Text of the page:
Popular video-sharing services provider Bilibili plans to clamp down on the activities of virtual live-streamers seeking to generate more user traffic with “malicious content that challenges good morals and public order”, according to an announcement published on the company’s website on Thursday.
Shanghai-based Bilibili said it will target various pornographic content and other “malicious behaviour and remarks”, such as deliberately hyping up social issues or conveying bad values.
The 13-year-old company, which initially gained popularity as China’s online home for fans of anime, comics and games, has a specific page on its website where virtual live-streamers are found. Users interact with these anime-like virtual idols by sending so-called bullet comments, a Bilibili feature that enables one-line text messages to float on screen and vie for viewers’ attention.
Chen Rui, the chairman and chief executive of Bilibili, said in a speech in June last year that there were more than 32,000 virtual influencers conducting live-streaming sessions on the platform from June 2020 to May 2021, representing a 40 per cent year-on-year increase.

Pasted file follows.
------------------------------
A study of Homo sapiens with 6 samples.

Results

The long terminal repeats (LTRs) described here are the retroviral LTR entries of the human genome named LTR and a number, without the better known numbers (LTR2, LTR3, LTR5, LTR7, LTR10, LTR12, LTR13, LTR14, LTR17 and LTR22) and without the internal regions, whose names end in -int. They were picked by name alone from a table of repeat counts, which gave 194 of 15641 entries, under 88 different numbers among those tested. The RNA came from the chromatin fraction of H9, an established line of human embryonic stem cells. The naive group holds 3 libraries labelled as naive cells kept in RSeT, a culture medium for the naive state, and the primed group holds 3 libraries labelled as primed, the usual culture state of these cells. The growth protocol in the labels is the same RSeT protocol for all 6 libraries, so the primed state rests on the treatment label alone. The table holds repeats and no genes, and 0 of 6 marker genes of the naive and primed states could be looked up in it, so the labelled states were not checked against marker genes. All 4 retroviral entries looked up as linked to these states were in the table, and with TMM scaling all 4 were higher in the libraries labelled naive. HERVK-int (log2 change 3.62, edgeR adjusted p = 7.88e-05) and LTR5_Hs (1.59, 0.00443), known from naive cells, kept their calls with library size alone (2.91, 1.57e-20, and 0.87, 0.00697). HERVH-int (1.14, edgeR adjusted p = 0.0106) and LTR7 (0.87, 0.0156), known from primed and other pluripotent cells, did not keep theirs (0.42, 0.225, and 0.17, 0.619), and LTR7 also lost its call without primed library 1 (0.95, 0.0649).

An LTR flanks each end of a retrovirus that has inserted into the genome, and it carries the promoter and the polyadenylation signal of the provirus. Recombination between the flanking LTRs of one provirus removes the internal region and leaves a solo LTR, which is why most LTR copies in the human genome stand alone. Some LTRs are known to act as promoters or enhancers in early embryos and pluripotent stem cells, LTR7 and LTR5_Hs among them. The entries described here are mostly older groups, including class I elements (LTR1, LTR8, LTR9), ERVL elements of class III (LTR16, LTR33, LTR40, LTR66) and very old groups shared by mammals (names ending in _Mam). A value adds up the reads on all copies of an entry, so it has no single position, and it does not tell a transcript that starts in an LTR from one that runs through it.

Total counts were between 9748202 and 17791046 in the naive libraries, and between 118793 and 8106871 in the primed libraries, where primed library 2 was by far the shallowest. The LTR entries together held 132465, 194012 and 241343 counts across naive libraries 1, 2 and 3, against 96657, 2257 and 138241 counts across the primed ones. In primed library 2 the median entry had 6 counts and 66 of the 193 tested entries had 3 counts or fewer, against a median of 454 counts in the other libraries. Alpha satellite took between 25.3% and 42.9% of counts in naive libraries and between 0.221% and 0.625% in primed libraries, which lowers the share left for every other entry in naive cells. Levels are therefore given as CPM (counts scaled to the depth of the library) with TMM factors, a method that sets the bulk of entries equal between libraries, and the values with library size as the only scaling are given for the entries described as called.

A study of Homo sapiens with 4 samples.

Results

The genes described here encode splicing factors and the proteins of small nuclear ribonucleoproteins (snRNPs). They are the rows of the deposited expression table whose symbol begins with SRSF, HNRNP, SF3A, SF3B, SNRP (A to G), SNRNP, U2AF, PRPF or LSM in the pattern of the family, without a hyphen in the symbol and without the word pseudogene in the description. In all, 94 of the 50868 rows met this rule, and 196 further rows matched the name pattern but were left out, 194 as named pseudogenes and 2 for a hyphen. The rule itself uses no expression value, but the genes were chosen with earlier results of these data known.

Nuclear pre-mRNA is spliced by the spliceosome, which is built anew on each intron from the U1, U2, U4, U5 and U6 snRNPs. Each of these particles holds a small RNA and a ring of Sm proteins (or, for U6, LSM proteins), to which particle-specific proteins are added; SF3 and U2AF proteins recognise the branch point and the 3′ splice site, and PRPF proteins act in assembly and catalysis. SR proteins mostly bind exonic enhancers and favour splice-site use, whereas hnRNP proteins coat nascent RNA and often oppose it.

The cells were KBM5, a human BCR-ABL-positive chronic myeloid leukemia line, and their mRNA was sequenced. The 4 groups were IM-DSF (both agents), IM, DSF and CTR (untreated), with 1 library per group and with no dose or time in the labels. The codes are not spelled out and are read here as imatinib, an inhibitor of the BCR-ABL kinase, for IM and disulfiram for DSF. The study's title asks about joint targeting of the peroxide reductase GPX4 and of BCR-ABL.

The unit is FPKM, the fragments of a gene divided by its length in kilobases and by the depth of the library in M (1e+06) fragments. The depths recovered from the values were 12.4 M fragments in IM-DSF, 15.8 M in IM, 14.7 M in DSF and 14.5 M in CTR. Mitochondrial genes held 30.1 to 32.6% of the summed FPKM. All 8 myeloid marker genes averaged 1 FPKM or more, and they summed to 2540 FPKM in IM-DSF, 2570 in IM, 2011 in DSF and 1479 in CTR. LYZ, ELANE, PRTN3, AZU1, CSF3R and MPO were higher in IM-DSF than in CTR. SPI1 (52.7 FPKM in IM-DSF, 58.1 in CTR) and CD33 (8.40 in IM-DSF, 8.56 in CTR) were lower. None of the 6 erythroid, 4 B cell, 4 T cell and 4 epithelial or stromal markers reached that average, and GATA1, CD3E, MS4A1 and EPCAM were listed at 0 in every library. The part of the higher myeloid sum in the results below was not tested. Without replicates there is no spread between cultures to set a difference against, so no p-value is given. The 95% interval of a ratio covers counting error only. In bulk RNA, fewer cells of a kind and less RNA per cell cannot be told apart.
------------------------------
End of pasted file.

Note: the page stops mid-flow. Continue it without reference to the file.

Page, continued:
Bilibili did not immediately respond to a request for further comment on Friday.
In June this year, the National Radio and Television Administration (NRTA) and the Ministry of Culture and Tourism jointly published an 18-point guideline outlining the qualifications online influencers must have to discuss certain subjects. That new regulation also listed 31 banned behaviours during live-streaming sessions.
Live streaming has become a significant business for Bilibili. This forms part of the company’s value-added services operation, which accounted for 40 per cent of its 5.05 billion yuan (US$797.3 million) total revenue in the first quarter of this year.